Most UK homes still use gas boilers to generate warmth. But, given around 30% of UK carbon emissions are created by heating buildings, is there a greener, cheaper, more efficient, and environmentally friendly way for us to stay warm through the winter?
On a cold rainy day in the middle of December, returning to a warm home or enjoying a hot shower is something many of us take for granted - but could it soon be under threat? In as much as 80% of UK Homes, this warmth is thanks to gas boilers. The challenge is that heating systems are responsible for as much as 30% of UK carbon emissions and, the most likely alternatives are currently either very expensive or, in many cases not practical. So, with a national target of reaching net-zero by 2050, we need to find a better, greener approach.
So how can we reduce the emissions from heating our homes while keeping the future options both practical and affordable?
Making our homes more efficient has two main steps, choosing the energy source we are going to use and making sure we get as much out of the energy source as we possibly can. The answer to the first will be a mix of Hydrogen boilers and heat pumps, both are great and have their distinctive USPs. Heat pumps are great for new builds and homes with a bit more space while Hydrogen boilers will be by far the least disruptive to our current system and should allow many flats in large town centres to keep ‘traditional’ combi boilers.
The bigger problem is that the UK housing stock is so diverse it’s impossible to have one strategy which will suit us all. New builds are built practically airtight and let very little heat out and cold in while, older style properties will be the exact opposite and often have very little insulation if any at all, and the buildings are peppered with tiny cracks and holes known as adventitious ventilation which loses around 7KW’s of heat an hour.
As we can see, designing new homes with efficiency in mind is a lot easier than retrofitting a hundred years later. Because of this the Government has banned new builds from utilising natural gas from 2023 and at the time of writing the CBI have advised that if the UK is to meet its target of net zero emissions by 2050 then no boilers burning any fossil gas should be installed in UK homes by 2035 - that’s a big statement!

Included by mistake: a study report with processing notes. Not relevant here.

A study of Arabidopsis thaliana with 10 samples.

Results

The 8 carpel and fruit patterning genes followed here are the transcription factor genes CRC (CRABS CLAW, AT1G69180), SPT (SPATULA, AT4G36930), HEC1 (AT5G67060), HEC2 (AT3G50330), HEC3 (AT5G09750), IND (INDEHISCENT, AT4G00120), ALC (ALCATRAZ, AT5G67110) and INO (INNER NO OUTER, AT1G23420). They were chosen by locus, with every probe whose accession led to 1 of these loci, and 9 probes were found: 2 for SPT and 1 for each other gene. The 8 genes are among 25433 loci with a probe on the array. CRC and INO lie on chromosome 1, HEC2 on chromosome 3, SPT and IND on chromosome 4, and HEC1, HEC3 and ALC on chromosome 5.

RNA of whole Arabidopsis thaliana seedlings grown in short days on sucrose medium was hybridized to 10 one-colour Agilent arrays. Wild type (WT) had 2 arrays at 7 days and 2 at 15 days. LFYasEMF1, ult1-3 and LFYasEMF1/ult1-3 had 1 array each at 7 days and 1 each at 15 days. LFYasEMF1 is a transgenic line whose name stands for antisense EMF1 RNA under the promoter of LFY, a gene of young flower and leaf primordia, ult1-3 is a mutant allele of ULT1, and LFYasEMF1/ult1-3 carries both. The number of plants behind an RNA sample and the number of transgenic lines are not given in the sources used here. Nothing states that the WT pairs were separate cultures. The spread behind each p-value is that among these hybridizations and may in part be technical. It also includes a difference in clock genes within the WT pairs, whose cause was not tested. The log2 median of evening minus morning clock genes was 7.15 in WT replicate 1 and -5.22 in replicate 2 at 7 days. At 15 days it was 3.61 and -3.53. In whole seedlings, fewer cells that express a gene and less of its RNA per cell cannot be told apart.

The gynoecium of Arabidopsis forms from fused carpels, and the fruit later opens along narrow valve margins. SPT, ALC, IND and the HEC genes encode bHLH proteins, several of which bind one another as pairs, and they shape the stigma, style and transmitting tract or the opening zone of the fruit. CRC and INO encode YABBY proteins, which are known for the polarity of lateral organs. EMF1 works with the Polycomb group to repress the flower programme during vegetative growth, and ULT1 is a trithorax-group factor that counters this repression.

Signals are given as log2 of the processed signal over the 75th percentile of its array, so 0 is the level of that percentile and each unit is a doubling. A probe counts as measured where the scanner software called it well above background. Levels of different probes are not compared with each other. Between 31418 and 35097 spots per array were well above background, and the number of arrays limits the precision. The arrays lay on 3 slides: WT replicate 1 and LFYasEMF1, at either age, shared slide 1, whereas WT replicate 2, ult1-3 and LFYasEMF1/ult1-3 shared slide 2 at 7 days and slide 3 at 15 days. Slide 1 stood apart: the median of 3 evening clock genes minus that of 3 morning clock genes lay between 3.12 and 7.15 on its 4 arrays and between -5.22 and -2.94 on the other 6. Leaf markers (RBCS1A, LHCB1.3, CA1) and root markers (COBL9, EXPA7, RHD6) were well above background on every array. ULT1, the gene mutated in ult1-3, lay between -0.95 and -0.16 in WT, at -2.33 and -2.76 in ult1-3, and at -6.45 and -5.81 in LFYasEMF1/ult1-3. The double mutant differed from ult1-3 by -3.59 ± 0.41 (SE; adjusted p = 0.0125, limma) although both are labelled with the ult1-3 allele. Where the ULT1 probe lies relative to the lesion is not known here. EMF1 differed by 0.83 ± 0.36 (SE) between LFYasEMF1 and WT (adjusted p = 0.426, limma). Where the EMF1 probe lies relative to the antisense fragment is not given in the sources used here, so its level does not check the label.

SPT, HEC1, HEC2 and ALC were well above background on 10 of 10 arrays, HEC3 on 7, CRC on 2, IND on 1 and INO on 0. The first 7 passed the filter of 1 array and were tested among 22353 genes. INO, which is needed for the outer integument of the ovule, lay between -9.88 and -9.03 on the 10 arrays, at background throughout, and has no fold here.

New builds seem to have leaned towards heat pumps and district heating using HIU’s to give individual flats greater control over their own usage.
There are roughly 27.5 million homes in Britain where things get more complicated. Retrofitting greener heating can be expensive and impractical, The Committee on Climate Change has calculated that it would cost an average of £26,000 to convert each UK home to a low-carbon heating system and that's before you consider the lack of space in many of the converted, older properties or their abysmal levels of insulation and their tendency to hold heat like a sieve holds water.
Hydrogen is believed by many experts to be the best retrofit option which causes the least disruption to the current way we heat our homes and allows consumers to keep the familiarity of a gas boiler and controls. When Hydrogen is burnt it only produces water, with no carbon dioxide and gas boilers will only need minor changes to run on Hydrogen, you can also mix natural gas and hydrogen together, rather than having to make a full switch.
While the traditional gas boiler will certainly have a role to play for some time yet, its days as top dog in the heating industry are undoubtedly numbered.
Unfortunately, when it comes to its successor there is no ‘one size fits all answer. It will take a mix of Heat Pumps, Hydrogen, and better built / better-insulated housing.
Cross-party collaboration will be needed to give industry clear guidance so installers and companies can invest in training and upskilling and all of us will need to do our part to affect small changes in our day-to-day lives.
Even if you can’t immediately swap to a ‘green’ fuel there are lots of small things you can do every day to be more efficient and reduce your Carbon footprint. These include relatively cheap fixes like low energy lightbulbs, dual flush toilets, and using carpets or rugs over wooden floors. We can insulate our homes and fit double or triple glazed windows, we can make sure we turn off electrical appliances like TVs or Computers and take the plug out of the wall, we can fix the dripping tap and walk instead of drive.
All these relatively small and easy things can add up and help reduce tons of emissions over time.